Why Buy Locals? During the previous months, egypt has been facing radical changes that are affecting its currency, population, economy and future.


Egypt has been facing one of the major struggles in its history. In November 3, 2016, the Central Bank of Egypt (CBE) floated the Egyptian pound (EGP), by which it devalued against the U.S. dollar (USD) by 48%, due to the lack of resources that provide foreign currencies.

“Low investment levels and the shaky tourism industry have been the primary causes of the dollar shortage in Egypt, a country that is heavily dependent on imports,” said Doaa Farid, in the Daily News article, Negligence of foreign currency resources aggravates ballooning dollar crisis.

The EGP continues to free-fall until it currently reaches 19.2 as the buying price and 19.5 as the selling price per USD, by which it is only controlled by supply and demand principle.

The monetary policy, which means that the Central Bank updates the deposit interest rate in order to impact and influence the nation’s economy, was implemented by the CBE for the aim of reviving the economy.

It decided to raise the percentage of the deposit interest rate in order to raise the funds, by which it could increase the demand on the EGP and increase the supply on the USD. In 2016, the new deposit interest rate is 14.75%, however it was 11.40% in 2015, which means that the rate of increase from the previous year is 29.38%.

Consequently, the Egyptian President, Abdel Fattah El Sisi issued a decision to raise the import tariffs by 60% and increase the custom duties on 320 products, due to the high price of the USD.

“Egypt must not do like Saudi Arabia when it announced that they will not import wheat for two years then they failed to satisfy their needs due to the lack of the competitive advantage in water, which is used heavily in wheat agriculture,” said Amina Ghanem, the former assistant of the Minister of Finance and the executive director of the Egyptian National Competitiveness Council.

According to the Ministry of Finance, this decision is supposed to encourage the importers to produce Egyptian products by reducing or even eliminating the previously imported ones.

“I used to be a partner in a company that imports food products. Now, I am producing stroopwafels, which I also used to import in the old days. The idea came to me when the exporter threatened me that he will withdraw the agency from my company after one week of paying the full payment of five from hundred shipments,” said Adham Saad, the CEO and the owner of Class A company in Egypt.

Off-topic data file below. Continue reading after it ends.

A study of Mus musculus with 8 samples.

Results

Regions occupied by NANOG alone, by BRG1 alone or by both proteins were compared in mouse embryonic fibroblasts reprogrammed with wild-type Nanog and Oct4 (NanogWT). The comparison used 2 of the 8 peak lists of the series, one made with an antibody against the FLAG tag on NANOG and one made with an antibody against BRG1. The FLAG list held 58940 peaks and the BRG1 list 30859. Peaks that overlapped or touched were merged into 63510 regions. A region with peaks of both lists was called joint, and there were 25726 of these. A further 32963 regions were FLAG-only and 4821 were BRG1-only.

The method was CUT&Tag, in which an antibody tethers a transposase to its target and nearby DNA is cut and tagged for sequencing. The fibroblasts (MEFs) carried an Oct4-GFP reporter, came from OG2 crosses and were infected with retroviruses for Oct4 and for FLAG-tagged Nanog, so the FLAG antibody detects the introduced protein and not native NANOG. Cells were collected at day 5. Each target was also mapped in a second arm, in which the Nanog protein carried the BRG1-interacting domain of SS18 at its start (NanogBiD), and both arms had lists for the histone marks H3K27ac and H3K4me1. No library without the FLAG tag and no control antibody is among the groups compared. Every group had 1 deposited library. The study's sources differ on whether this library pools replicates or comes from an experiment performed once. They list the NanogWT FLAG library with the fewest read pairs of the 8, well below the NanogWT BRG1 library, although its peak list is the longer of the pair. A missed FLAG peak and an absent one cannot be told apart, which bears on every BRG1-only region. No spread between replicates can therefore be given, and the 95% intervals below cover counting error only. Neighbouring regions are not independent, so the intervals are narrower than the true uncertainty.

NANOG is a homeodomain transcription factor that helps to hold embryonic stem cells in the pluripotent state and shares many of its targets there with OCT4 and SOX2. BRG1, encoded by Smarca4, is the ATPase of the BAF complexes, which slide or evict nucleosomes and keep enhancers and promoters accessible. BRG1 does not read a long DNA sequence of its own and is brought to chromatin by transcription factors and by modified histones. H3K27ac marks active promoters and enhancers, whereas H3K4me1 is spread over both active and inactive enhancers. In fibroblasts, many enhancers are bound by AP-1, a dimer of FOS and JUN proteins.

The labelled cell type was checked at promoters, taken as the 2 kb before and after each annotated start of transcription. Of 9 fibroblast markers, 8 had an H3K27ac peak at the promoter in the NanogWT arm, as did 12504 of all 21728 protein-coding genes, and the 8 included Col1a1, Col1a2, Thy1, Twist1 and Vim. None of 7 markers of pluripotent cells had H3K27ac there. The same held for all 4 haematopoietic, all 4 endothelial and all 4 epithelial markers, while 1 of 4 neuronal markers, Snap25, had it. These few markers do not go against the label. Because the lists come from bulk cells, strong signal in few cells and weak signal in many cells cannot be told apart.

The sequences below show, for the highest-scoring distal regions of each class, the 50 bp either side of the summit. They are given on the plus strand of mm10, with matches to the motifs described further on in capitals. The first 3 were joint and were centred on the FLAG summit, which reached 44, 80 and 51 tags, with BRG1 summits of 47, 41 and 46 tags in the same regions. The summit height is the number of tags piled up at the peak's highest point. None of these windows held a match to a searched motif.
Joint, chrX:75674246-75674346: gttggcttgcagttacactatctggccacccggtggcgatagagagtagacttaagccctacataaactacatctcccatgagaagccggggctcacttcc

Some Egyptian producers are currently taking advantage of the economic problem by producing goods that would substitute the previously imported ones as Melty, Moltobella, and Spread Juna that are substituting Nutella spreadable chocolate, Dreem Cocoa to replace Hershey’s Cocoa. In addition to Bonjorno cafe that is producing coffee and creamer instead of Nescafé coffee and Néstle coffee mate.

While other Egyptian companies, who existed since a long time ago, as Temmy’s for Breakfast cereal, Corona chocolate, Bisco Misr biscuits and wafers, Katakito chocolate, Gersy chocolate, Président cheese, Mandolin chocolate, others, are taking advantage of the economic problem by strengthening their advertisement campaigns in order to convince their customers in the light of the absence of imported goods.

The major problem that cannot be solved yet is that even if many Egyptian producers tend to produce goods instead of the imported ones, they will always struggle to find adequate raw materials to satisfy their needs.

“Raw materials are the biggest challenge in a country like ours because we’re looking to make very good quality products and this makes it very hard to find suitable raw materials. Unfortunately, we have to go through the whole importation process again to be able to provide the raw materials needed, which puts us in a big risk because the importation now is very hard so we are into the risk of running off the raw materials,” said Mohamed Hussein, owner of Foodica company, who used to import food products before the raising tariffs decision.